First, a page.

Dec 1, 2020

Imubit blog header 12.1.2020

As industry increasingly recognizes the benefits of artificial intelligence (AI), companies are seeking how to best fit AI into their business strategy. AI, however, is relatively young and the extensive benefits it provides demand creative solutions to unique challenges. Successfully implementing AI requires a deliberate and dedicated approach that sometimes differs from implementing more standard technologies. The most expedient, cost-effective, and secure option to control refineries and chemical plants with artificial intelligence is to utilize a team of experts that are accountable for the end-to-end project success and its maintenance.

Developing skills in data science and machine learning is time consuming and typically requires training that has only become mainstream over the last two decades. A recent study by MIT Technology Review found that 45% of senior business and technology decision makers believed their organizations lacked the skilled personnel needed to implement AI. New applications frequently require specialized experts to transition the technology from theoretical to practical.

Another distinct challenge to introducing AI is that it requires a completely different data architecture than traditional business strategy analytics. Even if a company has access to the immense amounts of data required for AI, significant “data cleaning” efforts might be required to make the data useful. The same study by MIT Technology Review found that 42% of senior business and technology decision-makers believed a lack of quality unbiased data is the greatest digital barrier to AI adoption, while 38% believed that the greatest barrier is a lack of the required infrastructure.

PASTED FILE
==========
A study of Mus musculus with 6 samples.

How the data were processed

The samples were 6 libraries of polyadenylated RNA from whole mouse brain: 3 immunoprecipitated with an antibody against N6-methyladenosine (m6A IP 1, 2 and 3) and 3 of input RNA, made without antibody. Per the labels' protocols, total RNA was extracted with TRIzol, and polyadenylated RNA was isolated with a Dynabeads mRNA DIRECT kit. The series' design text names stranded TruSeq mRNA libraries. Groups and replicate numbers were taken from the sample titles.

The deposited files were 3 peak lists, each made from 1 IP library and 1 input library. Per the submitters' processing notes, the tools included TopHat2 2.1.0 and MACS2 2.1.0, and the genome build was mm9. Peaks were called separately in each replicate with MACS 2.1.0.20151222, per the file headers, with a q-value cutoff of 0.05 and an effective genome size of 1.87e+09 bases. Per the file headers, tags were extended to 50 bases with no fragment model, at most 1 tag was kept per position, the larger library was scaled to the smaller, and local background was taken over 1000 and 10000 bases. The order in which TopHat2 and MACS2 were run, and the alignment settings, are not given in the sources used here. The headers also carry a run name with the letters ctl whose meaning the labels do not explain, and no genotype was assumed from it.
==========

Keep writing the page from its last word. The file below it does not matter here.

When it comes to the oil refining industry, adopting AI has specific data-related challenges that must be solved:

• Refiners commonly adopt a practice of “data compression” which essentially deletes data deemed inconsequential and only stores data that represents more important events. The discrepancies caused by “data compression” can be detrimental to AI algorithms and need to be carefully evaluated by data scientists and process engineers.

• Standard data historians – such as PI (Process Information) – are not built to effectively export years of minute-by-minute data in a format required for AI.

• AI models can optimize broader (and more profitable) problems and sometimes require data from multiple sources. Merging and organizing data that is typically stored in different formats and with different tag IDs, requires specialized knowledge and tools.

• AI models are inherently challenging to understand and require robust and specific tools to visualize and comprehend.

The difficulties associated with AI are magnified when the technology is applied to a complex process. This is especially the case in refining and petrochemicals, where years of technical industry experience are required to efficiently run a plant. In this case, a team of people with domain expertise integrated with a team of data scientists are required to properly incorporate process knowledge with AI models. For more commentary on this subject, see our previous blog post, The Right AI Solution: Vertical Domain-Driven or Generic Industry 4.0?

AI applications often unlock opportunities that are significantly more valuable than previously thought possible. In these cases, the costs associated with the required consulting and maintenance is insignificant compared to the opportunity. Changes in plant configuration or operating strategy are addressed quickly if one team of experts is accountable for the end-to-end value, including on-going maintenance. There are also indirect savings that can be achieved by using a dedicated team instead of in-house controls engineers, who are stretched in multiple directions and typically have limited capacity.

Capturing the enormous potential of AI requires solving a series of several complex challenges, and the current state of the technology justifies teams of dedicated data scientists collaborating with refinery industry experts. Over years of iterative learning, Imubit has developed robust and sometimes specialized solutions to these challenges. As new challenges arise in the refining operations, our team of refinery experts, data scientists and software engineers are not burdened by the competing priorities associated with running the plant, and additionally understand the complexities and implications. They are therefore able to work immediately to find a robust solution to any changes required. Imubit utilizes a full-service subscription model that makes us accountable for ensuring the AI application is maintained and is continuously optimizing your plant to maximize profit on a 24/7 basis.